The World Wide Web is celebrating its 30th birthday today. Proposed by English engineer and computer scientist Tim Berners-Lee in 1989, the WWW was a simple scheme that allows people to access the internet and share information with each other.

But while the web quickly took off in the West, it didn’t quite catch on in China until later. In 1995, there were already some 20 million internet users in the US. In contrast, China had a little more than 6,000.

Things have changed a lot since. Today, China has over 800 million web users who spend almost four hours a day online -- shopping, gaming, socializing and watching videos. So how did we get here? Let’s take a look at some of the key moments.

An internet cafe in Beijing in January, 1999. (Picture: AP Photo/Greg Baker)

THE BEGINNING

China’s first connection to the world wide web was a 64K access line operated by American provider Sprint. Set up by state scientists in Beijing on April 20, 1994, it was hailed as a monumental milestone by the Chinese government, which called it one of China’s most important technology achievements that year.

THE FIRST TITANS

But the web didn’t really touch ordinary people until the first Chinese internet giants burst into the scene in 1998. NetEase launched what was regarded as China’s first free email service, 163.net. Sohu revamped its Chinese search engine -- the first in the country. Sina, which went on to create Weibo, made its first appearance. The next year, China’s internet population jumped four times.

Still, none of those products reached the heights of Tencent’s QQ messenger. The first adopters were university students and white collar workers, but the desktop chat program eventually found a far wider following among the country’s 1.3 billion people, all desperate to find an effective way to communicate instantly.

SHOP ‘TIL YOU DROP

The rise of Chinese internet coincided with China’s burgeoning economy. Online shopping became a natural way to merge those trends.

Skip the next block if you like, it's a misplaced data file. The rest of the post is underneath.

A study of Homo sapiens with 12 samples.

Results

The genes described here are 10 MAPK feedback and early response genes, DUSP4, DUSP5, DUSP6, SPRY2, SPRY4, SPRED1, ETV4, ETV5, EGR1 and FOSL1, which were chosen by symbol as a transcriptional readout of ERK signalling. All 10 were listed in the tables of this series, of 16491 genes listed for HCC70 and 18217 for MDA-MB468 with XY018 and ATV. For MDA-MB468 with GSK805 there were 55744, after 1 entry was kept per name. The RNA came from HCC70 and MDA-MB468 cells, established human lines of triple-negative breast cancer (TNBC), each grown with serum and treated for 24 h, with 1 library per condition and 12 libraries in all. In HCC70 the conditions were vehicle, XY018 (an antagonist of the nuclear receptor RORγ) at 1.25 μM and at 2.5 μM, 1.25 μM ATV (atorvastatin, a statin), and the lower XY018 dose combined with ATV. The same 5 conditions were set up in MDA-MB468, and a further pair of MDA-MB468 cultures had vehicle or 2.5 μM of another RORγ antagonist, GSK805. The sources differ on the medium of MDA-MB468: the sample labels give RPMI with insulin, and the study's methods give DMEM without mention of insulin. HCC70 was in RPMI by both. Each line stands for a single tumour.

Alibaba established Taobao in 2003 as a way to connect small sellers with millions of consumers across the country. JD.com joined the party the next year, selling electronics directly to shoppers.

Jack Ma speaking to press about his plans to counter eBay in October, 2005. (Picture: SCMP)

At the time, there were foreign rivals in the market. But by 2006, eBay retreated from China, while Yahoo decided to kill its Chinese operation and buy a stake in Alibaba instead. Today, Alibaba and JD.com stand shoulder to shoulder globally with the likes of Amazon. All three are among the world’s 10 largest internet companies by revenue.

(Abacus is a unit of the South China Morning Post, which is owned by Alibaba.)

THE RISE OF MOBILE

At the turn of the last decade, a new trend was emerging in China: A soaring number of people were surfing the web on their phones instead of on desktop. By 2014, there were more mobile internet users in China than PC internet users.

One of the most successful services that rode on the trend was Tencent’s WeChat. Just like QQ, WeChat started as a messenger app -- but it was designed for mobile instead of desktop.

100 million users signed up during the first year. More became hooked on the app as it added more functions with the arrival of 4G, allowing users to hail a cab, settle bills, order meals, and read the news -- without ever leaving WeChat’s universe. It became a web portal of sorts for Chinese netizens in the mobile era.

THE GREAT FIREWALL

As the internet grew, it became easier than ever to spread information in China. It didn’t take long for the government to take action.

Western services that didn’t censor content were banned: Twitter was blocked in 2009 following riots in the restive northwest region of Xinjiang. Google pulled its search engine from China the next year. The restrictions on foreign companies not only limit the information that Chinese netizens can access; it also helped cement the power of domestic giants.

Experts note that under President Xi Jinping, web censorship in China has become more stringent in recent years. Hundreds of thousands of social media accounts have been taken down. Apps have been suspended for hosting content deemed inappropriate by authorities. Hosts and users of VPNs have been detained or punished.

The Chinese internet as it is today seems vastly different from the vision that Chinese scientists had in mind in 1987, when they sent out China’s first email. That message, ironically, read, “Across the Great Wall we can reach every corner in the world.”